Aimed at applications such as 5G microwave backhaul, broadband wireless services, satellite broadband radios, radar systems. Nick Flaherty reports
Linear Technology has developed an RF mixer with an integrated local oscillator that fits into a tiny 3 x 2mm package.
Most mixers are built using GaAs FETs or diodes in hybrid modules.
While this technology provides very high frequency capability, however, integration is more difficult to attain.
The LTC5553 is constructed using a very high frequency SiGe BiCMOS process which allows the LO buffer amplifier and ultra-wideband microwave balun transformers to be integrated into the die.
This in turn eliminates the bond wires, enhancing the device’s microwave frequency performance without introducing additional inductances and enabling massively parallel active antenna arrays implementation of beam-steering phased-array architecture.
The double balanced LTC5553 offers a higher linearity of 21.5dBm at 17GHz, 4-5dB higher than other microwave mixers, across the 3 to 20GHz range.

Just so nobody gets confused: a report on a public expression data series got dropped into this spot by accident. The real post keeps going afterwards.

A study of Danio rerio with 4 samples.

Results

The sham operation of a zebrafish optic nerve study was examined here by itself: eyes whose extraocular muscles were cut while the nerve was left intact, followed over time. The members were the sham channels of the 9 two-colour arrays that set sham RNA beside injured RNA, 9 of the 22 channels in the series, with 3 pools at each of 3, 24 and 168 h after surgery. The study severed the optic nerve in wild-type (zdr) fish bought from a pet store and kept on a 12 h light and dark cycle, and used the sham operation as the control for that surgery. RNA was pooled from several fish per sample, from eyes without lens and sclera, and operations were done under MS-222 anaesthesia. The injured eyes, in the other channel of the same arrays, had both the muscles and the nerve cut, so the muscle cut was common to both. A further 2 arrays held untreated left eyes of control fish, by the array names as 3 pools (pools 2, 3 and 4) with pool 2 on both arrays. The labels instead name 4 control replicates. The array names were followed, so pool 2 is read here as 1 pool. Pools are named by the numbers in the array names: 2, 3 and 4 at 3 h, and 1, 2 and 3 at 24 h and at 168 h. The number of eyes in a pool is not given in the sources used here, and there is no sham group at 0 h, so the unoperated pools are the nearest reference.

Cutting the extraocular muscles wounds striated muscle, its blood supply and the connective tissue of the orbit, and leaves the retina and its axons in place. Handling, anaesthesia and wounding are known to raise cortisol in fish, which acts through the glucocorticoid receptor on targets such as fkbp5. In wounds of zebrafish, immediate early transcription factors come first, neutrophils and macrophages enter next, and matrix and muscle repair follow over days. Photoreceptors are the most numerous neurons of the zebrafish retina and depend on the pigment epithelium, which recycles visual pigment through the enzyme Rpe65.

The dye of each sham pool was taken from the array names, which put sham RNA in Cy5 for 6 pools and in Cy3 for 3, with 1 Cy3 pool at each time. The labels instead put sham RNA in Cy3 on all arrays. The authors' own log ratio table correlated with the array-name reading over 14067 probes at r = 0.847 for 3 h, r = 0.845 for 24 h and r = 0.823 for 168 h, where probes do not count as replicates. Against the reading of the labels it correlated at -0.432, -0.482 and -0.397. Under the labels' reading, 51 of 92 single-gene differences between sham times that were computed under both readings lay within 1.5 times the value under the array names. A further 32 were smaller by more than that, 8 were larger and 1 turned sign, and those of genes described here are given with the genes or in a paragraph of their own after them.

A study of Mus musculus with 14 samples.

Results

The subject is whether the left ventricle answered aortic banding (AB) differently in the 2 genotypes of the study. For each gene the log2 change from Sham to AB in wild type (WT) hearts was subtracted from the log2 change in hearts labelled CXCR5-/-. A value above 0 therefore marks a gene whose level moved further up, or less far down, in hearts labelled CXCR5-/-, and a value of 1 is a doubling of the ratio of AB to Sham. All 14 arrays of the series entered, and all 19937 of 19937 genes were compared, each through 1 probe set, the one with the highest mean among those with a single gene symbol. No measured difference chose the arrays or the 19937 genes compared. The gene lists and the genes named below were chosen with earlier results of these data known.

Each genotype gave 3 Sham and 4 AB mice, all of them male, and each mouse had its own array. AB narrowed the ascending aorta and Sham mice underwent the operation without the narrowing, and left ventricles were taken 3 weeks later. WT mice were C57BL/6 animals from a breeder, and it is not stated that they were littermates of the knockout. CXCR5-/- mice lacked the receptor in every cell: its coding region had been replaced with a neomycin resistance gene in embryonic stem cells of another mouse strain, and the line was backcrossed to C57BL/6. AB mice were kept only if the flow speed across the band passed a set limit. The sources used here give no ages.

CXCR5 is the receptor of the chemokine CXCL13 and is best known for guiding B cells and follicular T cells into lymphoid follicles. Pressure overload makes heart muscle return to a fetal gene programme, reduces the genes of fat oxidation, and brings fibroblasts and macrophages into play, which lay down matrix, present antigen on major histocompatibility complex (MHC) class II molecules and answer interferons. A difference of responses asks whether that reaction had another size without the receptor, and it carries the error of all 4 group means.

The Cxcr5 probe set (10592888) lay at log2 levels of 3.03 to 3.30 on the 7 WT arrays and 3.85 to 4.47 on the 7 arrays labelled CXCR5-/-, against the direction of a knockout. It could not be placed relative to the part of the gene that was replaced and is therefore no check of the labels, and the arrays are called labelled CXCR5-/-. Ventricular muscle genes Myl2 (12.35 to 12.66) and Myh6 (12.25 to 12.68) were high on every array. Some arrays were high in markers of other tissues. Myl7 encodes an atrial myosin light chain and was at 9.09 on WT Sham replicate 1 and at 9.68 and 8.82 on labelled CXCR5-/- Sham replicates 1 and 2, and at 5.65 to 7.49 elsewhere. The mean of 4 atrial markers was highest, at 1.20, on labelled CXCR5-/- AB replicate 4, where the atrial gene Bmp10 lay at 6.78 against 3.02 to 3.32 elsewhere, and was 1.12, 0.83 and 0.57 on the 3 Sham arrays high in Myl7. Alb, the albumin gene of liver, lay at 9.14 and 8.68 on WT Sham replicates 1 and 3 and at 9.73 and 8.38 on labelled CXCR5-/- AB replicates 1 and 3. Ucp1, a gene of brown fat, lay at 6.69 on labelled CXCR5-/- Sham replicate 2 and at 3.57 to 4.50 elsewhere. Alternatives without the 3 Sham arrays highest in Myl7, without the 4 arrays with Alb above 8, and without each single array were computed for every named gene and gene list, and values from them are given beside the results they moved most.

As the LO input requires only a 0dBm drive, it effectively eliminates having an external high power LO amplifier.
Not only does it save costs, it also eliminates having a +10dBm to +17dBm power signal in the system.
At frequencies 10’s of GHz, such high power signal is potentially a major source of LO radiation that can couple to the RF or the IF ports, as well as other sensitive radio circuits. This can require additional filters to minimise signal interference as well as extra shielding.
This gives the mixer port-to-port isolation of –32dBm LO to RF leakage at 17GHz, again reducing the need for external filters.
The mixer is aimed at applications such as 5G microwave backhaul, broadband wireless services, satellite broadband radios, radar systems, active antenna arrays, X and Ku band transceivers, test equipment, spectrum analysis and satellite communications.
It is rated for operation from –40°C to 105°C case temperature to support extended environmental and is powered from a single 3.3V supply, drawing a quiescent supply current of 132mA.
Additionally, the LTC5553 can be shut down via an enable pin.
When deactivated, the device draws only 100μA maximum standby current.
The enable pin can bedriven directly to turn the device on and off rapidly in less than 0.2μs, supporting time-division duplex (TDD) or burst mode type transmitters and receivers.